First-time Buyers Still Buying Property

First-time Buyers Still Buying Property

Private Property South Africa

The FNB Estate Agent Survey released on Monday (28 January) showed that first-time buyers accounted for 23% of the residential property market in 2012‚ the same level as in 2011. This was well above the 15% level of 2008 when many first-time buyers were priced out of the market‚ but down on the 28.3% of 2005 when the property market boom started.

The survey showed that the FNB Residential Demand Activity Indicator declined mildly to 6.11 in the fourth quarter of 2012 from 6.17 in the third quarter of 2012 on a seasonally adjusted basis and a recent post-2008 high of 6.35 in the first quarter of 2010. This is on a scale of 1 to 10 with 10 being the strongest level of demand.

The two traditional affordability measures have both shown major improvements since early-2008. The average house price/average employee remuneration ratio‚ has declined (improved) by -25.5%‚ since the peak of "in-affordability" in the first quarter of 2008 up until the second quarter of 2012 (labour data for subsequent quarters are not yet available). This decline is the net result of wage inflation significantly outstripping weak house price inflation.

The second measure of affordability is the "installment repayment value on a 100% loan against the average priced house/average remuneration ratio". This ratio has declined far more significantly‚ by -47.6% over the same period‚ due to the added effect of huge interest rate reductions since late-2008.

Not surprisingly‚ therefore‚ the overwhelming majority of estate agents surveyed perceive improved affordability too. By the fourth quarter of 2012‚ only 17% believed that "income levels had not kept up with house prices"‚ a dramatic reduction from the first quarter 2008 peak‚ where 72% of agents surveyed perceived income levels "had not kept up with price levels".

The results of improved economic performance and some years of affordability improvements‚ can be seen in the improved ability of new entrants to enter the residential property market. FNB household and consumer sector strategist John Loos said it went further than mere affordability as one of the pressing goals in SA was to eliminate the very significant income and wealth gaps that persist on a racial basis.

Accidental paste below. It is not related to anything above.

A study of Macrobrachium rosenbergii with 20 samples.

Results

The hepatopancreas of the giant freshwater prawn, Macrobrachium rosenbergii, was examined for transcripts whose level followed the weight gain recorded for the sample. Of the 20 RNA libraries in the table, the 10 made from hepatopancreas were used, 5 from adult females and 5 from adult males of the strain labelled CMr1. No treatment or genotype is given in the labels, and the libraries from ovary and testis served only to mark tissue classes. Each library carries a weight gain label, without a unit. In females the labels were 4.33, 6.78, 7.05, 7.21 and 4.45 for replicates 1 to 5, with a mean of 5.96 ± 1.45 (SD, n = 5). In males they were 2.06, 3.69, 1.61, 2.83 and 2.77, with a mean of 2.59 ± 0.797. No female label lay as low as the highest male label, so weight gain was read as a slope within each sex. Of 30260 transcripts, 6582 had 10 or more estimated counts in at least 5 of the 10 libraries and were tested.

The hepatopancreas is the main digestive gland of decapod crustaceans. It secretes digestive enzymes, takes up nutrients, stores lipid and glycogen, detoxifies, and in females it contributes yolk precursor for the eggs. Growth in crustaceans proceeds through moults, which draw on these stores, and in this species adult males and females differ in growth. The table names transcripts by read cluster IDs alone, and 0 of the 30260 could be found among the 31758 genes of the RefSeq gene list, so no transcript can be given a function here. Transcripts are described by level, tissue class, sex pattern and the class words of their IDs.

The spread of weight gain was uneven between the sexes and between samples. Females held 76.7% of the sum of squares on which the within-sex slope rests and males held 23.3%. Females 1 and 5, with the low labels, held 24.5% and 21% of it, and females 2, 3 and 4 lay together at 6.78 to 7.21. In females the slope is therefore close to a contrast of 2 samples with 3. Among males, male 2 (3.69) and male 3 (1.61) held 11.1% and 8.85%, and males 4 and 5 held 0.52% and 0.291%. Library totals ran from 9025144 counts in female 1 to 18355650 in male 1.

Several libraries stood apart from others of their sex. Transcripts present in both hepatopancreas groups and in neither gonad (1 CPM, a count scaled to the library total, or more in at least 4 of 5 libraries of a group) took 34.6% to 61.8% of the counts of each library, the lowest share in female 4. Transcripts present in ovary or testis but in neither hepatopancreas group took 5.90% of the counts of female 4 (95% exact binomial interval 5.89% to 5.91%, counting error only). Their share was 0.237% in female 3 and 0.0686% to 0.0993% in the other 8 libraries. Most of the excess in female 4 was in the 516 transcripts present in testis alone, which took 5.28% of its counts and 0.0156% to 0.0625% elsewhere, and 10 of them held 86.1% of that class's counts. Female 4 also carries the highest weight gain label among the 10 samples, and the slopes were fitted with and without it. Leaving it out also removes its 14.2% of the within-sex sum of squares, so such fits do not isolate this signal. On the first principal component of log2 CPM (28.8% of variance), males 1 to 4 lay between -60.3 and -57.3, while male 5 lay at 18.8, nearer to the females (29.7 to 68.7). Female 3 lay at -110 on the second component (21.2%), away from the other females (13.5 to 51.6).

"Certainly we hear encouraging indications that this process is happening‚ with Stats SA's release of the most recent census results‚ pointing to a further reduction of the racial per household income gaps since prior censuses. However‚ the pace of this transformation concerns many‚" he said.

"Since 2005 when our survey question regarding estimated percentage of buyers by race was introduced‚ we have seen the estimated total percentage of black‚ coloured and Indian buyers in these 'suburban' areas broadly rising.

"From 43% in 2005‚ the percentage of buyers from these three 'previously disadvantaged groups' rose to 50% of total buyers by 2008. Thereafter‚ however‚ a sliding economy saw this percentage decline to 46.2% by 2011. This is to be expected‚ as a higher portion of the previously-disadvantaged race group buyers are new entrants‚ have limited wealth and are thus more income‚ employment and credit dependent than many of the older white repeat buyers‚" he said.

"In 2012‚ however‚ we have once more seen a rise in this percentage to 49.2% of total suburban buyers‚ implying white buyers dropping back a little to 50.8% from 2011's 53.8%. This‚ we believe to be the lagged impact of a better performing economy since the end of the 2008/9 recession‚ along with lower interest rates‚ an effect which has also led to the improved first time buyer percentage‚" he observed.

FNB estimated the racial breakdown in 2012 for suburban home buying was estimated at 11.3% for Indian buyers‚ 8.8% coloured buyers‚ 29.5% black buyers‚ and 50.8% white buyers. Loos said the simple lesson was that the faster the country grows its economy (in a sustainable manner)‚ the more rapidly it could racially transform residential property ownership.

"This was noticeable in the boom times up until 2008. We've made some progress in racially transforming property markets. But when the economy stuttered in 2008‚ estate agents started to suggest that the process had gone backwards‚ before 2012 saw some limited progress resume‚" he concluded.